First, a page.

Why did our Lord Jesus arise from the tribe of Judah?
Response: The book of Hebrews actually uses this very issue to make a point of the fact that in coming from the tribe of Judah our Lord’s new high-priesthood signals a change from the Old to the New Covenant, since of course in accordance with the Mosaic Law all prior priests came from the tribe of Levi (see especially Heb. chap. 7-8). One important reason in the selection of the tribe of Judah for our Lord’s genealogy is the membership of David in that tribe. Jesus, of course, is David’s greater Son, and in the mentions of our Lord’s lineage it is usually His descent from David that is the point which is emphasized rather His tribal affiliation per se (e.g., Matt.1:1; 9:27; 22:42; Lk.1:32; 1:69; Rom.1:3; 2Tim.2:8; Rev.22:16; cf. also Rev.5:5 where “from the tribe of Judah” is immediately reinforced by “[from] the root of David”). For Jesus is the “Son of David”, the One who fulfills the covenant to that great believer wherein he was promised a Son who would reign forever, the Branch who would spring from his root, namely, the Messiah (cf. 2Sam.7:12-16; Is.9:6-7; Jer.23:5-6).
The first and technical reason for Jesus’ descent from Judah is the important fact that Jesus is THE “First-born” unique and only Son of the Father (Rom.8:29; Col.1:15; 1:18; Heb.1:6; Rev.1:5; cf. Jn.1:14; 1:18; 3:16 3:18; 1Jn.4:9), and Judah is the tribe of the first-born – by assignment. For although Reuben was technically Jacob’s first-born son, he forfeited the double-portion rights of inheritance that would otherwise have accrued thereto through misconduct – and he lost them to Judah (cf. Gen.49:3-4; 1Chron.5:1). It is for this that reason the “ruler’s scepter” belongs to Judah (Gen.49:10; cf. Num.24:17), who ever after receives the privileges of the first-born. While we are not specifically told why it is that Simeon and Levi, Judah’s older brothers, were disqualified from taking Reuben’s place, it no doubt has to do with the incident in Genesis chapter 34 (compare especially Gen.34:30 with Gen.49:5-7).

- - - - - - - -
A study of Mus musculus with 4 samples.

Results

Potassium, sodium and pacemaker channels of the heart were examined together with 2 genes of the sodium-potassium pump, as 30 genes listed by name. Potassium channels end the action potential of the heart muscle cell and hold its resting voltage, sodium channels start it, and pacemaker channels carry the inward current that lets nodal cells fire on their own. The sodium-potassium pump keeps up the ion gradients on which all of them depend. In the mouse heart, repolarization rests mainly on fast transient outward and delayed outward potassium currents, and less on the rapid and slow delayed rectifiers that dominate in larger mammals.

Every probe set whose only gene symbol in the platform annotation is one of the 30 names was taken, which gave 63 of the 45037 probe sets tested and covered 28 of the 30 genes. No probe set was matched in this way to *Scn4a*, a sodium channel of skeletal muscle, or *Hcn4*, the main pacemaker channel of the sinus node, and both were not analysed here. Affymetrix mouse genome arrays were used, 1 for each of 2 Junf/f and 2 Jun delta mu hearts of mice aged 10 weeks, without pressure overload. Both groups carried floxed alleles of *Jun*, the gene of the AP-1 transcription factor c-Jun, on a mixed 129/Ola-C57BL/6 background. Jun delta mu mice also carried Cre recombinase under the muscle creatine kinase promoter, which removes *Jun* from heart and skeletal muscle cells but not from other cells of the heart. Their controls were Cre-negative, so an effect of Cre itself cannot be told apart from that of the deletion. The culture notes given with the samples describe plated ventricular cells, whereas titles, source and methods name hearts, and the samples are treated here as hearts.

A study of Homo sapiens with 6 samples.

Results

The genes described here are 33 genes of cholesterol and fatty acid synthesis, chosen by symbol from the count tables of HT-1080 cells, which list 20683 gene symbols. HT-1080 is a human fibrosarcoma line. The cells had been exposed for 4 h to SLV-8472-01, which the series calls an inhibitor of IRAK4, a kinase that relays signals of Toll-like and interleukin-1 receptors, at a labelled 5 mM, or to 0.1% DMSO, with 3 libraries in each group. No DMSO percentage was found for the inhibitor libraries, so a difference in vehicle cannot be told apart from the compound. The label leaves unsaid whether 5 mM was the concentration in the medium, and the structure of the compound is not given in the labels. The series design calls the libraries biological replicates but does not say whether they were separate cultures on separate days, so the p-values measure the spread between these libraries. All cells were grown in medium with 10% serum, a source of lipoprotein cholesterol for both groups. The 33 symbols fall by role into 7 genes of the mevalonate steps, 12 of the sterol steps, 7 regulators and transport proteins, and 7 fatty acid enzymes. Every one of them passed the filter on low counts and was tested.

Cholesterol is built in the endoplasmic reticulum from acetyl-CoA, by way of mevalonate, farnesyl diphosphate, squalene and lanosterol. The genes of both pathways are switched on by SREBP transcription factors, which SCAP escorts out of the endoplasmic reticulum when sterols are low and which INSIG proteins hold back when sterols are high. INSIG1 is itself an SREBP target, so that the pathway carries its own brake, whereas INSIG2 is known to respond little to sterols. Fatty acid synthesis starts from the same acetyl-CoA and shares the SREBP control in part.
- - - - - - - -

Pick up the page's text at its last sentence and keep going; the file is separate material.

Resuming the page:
Just as the three brothers ahead of Judah were disqualified for misconduct, so we have a reverse parallel in the case of David who was promoted for extraordinary conduct (specifically, his exceptional love for the Lord). David, of course, was the youngest of the sons of Jesse, and yet because of his heart for God and his dedication to the Lord which put all of his brethren in the shade, he was exalted as no one before him, becoming, in effect, the first-born (for God looks on the heart: 1Sam.16:7). So on this point of “primogenitor”, it is important to remember that God is not only capable of but also inclined to exalt the humble and humble the proud, considering the true “first-born” to be him or her who puts the Lord first in their hearts, demonstrating that faith and dedication in lives of faithfulness. For it is only in carrying our crosses daily in this way that we emulate Him who is the Firstborn of all creation, our dear Lord and Savior Jesus Christ.